Carbon monoxide deaths: Gas fitter finally admits blame for the deaths of teenagers in fume-filled flat
The parents of two teenagers killed in a gas leak more than three years ago wept and hugged one another after a tradesman finally admitted he was to blame for their deaths.
Friends Neil McFerran and Aaron Davidson – both 18 – were overcome by carbon monoxide fumes at a Castlerock apartment on August 3, 2010. They were found by their parents who raced to the seaside village when they were unable to contact the teenagers.
The young men from Newtownabbey had been enjoying a break ahead of receiving their A-Level exam results.
Their friend Matthew Gaw, who was also in the seaside apartment at the time, survived.
Gas fitter George Brown, who had carried out work to the apartment's heating system, yesterday admitted his guilt in the manslaughter of the teens.
He did so having consistently denied any wrongdoing previously.
His admission – marking the first conviction of its kind in Northern Ireland – came just a week before he was due to stand trial for the deaths.
Brown (52), from Ballygawley Road, Aghadowey, had initially pleaded not guilty to the charges of manslaughter. The former owner of The Calor Shop in Coleraine also denied a further 19 charges relating to breaches of health and safety legislation.
At Laganside Court yesterday, defence for Brown asked judge Mr Justice Weir for the charges to be put to his client again.
He pleaded guilty to all 21, including the manslaughter of the former Glengormley High School prefects.
Although no details were given out in the courthouse, it was previously stated the work was carried out across the north coast in the months before the tragedy.
This work not only involved the holiday home, but 14 other premises, including homes, a restaurant and a caravan park.
After Brown pleaded guilty, Crown prosecutor Frank O'Donoghue QC told Mr Justice Weir: "This is a case where victim impact reports will be obtained in respect of the families of the two deceased, and of a third young man who was seriously injured in this tragic incident."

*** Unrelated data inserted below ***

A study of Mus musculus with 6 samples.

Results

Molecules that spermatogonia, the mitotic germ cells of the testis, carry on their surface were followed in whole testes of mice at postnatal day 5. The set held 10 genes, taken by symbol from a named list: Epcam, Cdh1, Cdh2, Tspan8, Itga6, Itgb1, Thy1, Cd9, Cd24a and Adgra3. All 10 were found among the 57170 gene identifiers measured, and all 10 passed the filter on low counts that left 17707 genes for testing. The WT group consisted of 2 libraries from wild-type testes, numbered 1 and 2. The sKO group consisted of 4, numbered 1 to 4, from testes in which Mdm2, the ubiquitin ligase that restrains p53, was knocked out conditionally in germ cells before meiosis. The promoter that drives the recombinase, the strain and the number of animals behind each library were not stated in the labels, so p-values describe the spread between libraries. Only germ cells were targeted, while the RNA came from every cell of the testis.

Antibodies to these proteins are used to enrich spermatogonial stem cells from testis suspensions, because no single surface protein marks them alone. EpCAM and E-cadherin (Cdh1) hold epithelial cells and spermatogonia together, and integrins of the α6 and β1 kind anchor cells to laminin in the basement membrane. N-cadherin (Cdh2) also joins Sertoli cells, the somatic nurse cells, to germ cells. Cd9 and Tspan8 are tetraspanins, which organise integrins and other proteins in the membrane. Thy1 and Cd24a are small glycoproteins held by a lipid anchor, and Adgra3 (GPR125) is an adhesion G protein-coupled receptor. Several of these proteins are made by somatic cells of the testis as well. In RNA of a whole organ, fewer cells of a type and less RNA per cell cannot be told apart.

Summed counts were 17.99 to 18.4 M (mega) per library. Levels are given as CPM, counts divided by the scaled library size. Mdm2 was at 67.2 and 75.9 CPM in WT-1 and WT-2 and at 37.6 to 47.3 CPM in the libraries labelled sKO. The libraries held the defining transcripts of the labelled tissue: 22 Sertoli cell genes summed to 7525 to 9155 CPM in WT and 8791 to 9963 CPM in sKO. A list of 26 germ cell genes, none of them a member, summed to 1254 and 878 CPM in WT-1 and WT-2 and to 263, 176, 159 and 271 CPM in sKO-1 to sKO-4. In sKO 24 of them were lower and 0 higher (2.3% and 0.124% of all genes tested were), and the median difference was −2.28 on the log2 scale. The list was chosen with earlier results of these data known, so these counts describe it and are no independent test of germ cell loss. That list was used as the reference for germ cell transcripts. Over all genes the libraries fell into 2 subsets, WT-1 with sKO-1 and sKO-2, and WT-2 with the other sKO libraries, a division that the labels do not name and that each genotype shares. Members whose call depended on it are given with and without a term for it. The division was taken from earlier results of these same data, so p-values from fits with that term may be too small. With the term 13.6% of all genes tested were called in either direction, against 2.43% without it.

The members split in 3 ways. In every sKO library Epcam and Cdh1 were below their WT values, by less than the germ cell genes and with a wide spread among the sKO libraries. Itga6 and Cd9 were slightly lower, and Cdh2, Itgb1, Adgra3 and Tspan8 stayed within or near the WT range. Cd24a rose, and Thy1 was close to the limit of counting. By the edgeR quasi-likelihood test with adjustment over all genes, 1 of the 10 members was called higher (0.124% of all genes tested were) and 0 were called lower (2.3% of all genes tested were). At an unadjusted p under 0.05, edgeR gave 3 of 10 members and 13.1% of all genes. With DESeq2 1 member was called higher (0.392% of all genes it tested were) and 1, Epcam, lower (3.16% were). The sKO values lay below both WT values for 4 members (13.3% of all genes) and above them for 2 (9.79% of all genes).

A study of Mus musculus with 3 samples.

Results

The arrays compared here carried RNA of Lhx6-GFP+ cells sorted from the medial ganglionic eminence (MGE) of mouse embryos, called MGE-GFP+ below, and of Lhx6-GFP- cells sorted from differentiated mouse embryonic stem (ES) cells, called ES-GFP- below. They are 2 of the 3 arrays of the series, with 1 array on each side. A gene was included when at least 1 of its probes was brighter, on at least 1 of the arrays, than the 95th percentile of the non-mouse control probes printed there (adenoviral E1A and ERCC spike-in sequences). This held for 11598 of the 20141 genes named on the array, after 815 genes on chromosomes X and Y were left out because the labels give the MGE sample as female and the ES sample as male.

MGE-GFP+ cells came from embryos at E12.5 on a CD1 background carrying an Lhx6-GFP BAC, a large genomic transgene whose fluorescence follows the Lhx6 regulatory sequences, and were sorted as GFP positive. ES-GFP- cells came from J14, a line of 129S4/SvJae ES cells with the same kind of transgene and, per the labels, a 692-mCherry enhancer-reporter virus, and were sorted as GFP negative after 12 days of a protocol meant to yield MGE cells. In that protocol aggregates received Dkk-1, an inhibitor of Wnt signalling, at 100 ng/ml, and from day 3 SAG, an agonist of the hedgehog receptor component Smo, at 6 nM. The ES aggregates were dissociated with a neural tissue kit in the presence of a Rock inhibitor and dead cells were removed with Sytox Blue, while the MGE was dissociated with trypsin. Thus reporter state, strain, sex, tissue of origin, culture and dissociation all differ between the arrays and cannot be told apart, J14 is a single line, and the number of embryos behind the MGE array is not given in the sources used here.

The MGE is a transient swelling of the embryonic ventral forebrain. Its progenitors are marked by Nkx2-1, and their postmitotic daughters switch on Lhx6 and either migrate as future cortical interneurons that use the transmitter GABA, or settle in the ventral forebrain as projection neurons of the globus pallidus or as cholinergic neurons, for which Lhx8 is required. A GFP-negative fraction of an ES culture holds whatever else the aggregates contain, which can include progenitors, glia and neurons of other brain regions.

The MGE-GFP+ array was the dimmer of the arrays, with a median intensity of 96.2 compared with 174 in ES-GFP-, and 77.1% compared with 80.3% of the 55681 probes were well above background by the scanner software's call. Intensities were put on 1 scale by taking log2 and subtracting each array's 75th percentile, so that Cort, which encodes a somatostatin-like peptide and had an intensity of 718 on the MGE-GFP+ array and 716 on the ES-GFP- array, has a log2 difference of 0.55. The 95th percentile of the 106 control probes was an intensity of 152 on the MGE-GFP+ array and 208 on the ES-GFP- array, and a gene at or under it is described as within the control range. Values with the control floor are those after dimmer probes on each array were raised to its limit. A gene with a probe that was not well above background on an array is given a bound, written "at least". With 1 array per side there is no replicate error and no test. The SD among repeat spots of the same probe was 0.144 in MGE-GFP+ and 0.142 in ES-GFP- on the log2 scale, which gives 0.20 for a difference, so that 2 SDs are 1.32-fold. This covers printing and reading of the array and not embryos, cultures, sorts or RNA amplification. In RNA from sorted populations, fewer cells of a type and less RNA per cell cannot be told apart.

Brown's barrister Jonpaul Shields confirmed pre-sentence reports would also be sought on behalf of his client.
Both sets of parents, and those of Matthew Gaw, hugged outside the court afterwards.
Police welcomed Brown's guilty plea. Detective Chief Inspector Rachel Shields said: "The Police Service of Northern Ireland has worked closely with the Health and Safety Executive and the families and friends of Aaron and Neil to bring this case before the courts.
"Aaron and Neil's deaths were tragic and prompted a wide-scale rigorous investigation on August 3, 2010, involving members of the Health and Safety Executive NI's gas safety inspection team, its major investigations team, its scientific services unit and officers from the PSNI's criminal investigation department.
"This investigation culminated in today's guilty plea.
"Over the course of the last three years the families of Aaron and Neil have sought to highlight the issue of carbon monoxide poisoning.
"It is an issue that all households should be aware of and I would remind service providers who work with installing heating systems or maintaining heating systems of the legal requirements and responsibilities that govern this area of business."
Brown was released on bail and will be sentenced in March.
A spokesman for Calor Gas said: "In the case of George Brown, who was trading as The Calor Shop, Coleraine, Mr Brown's business was a separate legal entity from Calor Gas NI Ltd."